A Day in the Life of a TeleDoc


Haywood Hall pursues his passion for global health (in Mexico) while treating US patients on his phone (for US dollars)


Haywood Hall: There are a few different providers out there who do telemedicine. I work with MDLIVE, but there’s Healthtap and ECI and others. They seem to be cropping up everywhere. My work is a partnership between MDLIVE and ECI TeleHealth. It’s actually a bit of a complicated landscape, as these things tend to be.

Give us some big picture background. Why is telemedicine necessary or useful?
The issue nowadays is really that there’s very limited access to primary care docs. We’re obviously trying to place people more in primary care settings and the emergency department continues to be a buffer for everything. So what’s happening is that there’s more and more people showing up to the ERs. And so now, because large groups of people are on prepaid health plans, insurers are incentivized to keep people from overusing the facilities – urgent care or emergency departments in particular. So they’re given an option to talk to a physician. We used to have something like this called a nursing hotline. The big difference was that the old nursing hotlines were pretty consistent about punting patients to the ED. By having a physician involved, we’re actually able to resolve a fair number of problems over the phone. And that works to everyone’s benefit. They don’t have to hang out in the ER all day.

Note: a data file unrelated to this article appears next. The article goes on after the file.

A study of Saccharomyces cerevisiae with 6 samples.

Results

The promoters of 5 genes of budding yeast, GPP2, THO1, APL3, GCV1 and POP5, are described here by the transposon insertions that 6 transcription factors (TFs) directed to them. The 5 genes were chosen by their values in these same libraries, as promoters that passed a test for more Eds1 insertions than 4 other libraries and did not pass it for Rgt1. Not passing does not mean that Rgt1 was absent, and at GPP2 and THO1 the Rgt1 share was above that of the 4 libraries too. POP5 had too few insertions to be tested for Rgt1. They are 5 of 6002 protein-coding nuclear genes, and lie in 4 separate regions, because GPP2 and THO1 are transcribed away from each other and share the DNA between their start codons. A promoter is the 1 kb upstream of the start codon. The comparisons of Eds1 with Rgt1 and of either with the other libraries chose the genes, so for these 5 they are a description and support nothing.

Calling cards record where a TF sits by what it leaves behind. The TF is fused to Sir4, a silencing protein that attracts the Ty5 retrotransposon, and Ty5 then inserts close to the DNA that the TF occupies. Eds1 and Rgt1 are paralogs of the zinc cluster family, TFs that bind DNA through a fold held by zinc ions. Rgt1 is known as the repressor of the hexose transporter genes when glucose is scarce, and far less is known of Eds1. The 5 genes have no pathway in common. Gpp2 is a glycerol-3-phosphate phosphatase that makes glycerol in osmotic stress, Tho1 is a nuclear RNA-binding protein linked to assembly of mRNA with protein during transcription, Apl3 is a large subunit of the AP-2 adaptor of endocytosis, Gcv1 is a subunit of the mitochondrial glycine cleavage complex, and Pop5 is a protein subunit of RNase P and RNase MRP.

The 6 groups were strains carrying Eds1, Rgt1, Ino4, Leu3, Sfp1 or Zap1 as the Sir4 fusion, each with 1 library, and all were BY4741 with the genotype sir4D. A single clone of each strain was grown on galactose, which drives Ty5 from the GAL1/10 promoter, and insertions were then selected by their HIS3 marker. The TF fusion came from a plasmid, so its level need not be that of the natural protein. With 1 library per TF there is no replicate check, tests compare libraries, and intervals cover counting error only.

A sore throat or an earache or urinary tract infection symptoms. In the old system they’d be more inclined to shunt it away and say: “Well, you could wait until tomorrow and go see your doctor,” or something like that. But the problem is that there’s actually fewer and fewer places to go for this episodic care. And so having a doc who can say: “Well, this does sound like a UTI,” and resolve the problem to some extent is really valuable.

This article originally appeared in Issue #15 of Emergency Physicians International.
Read the entire article on EPI Journal.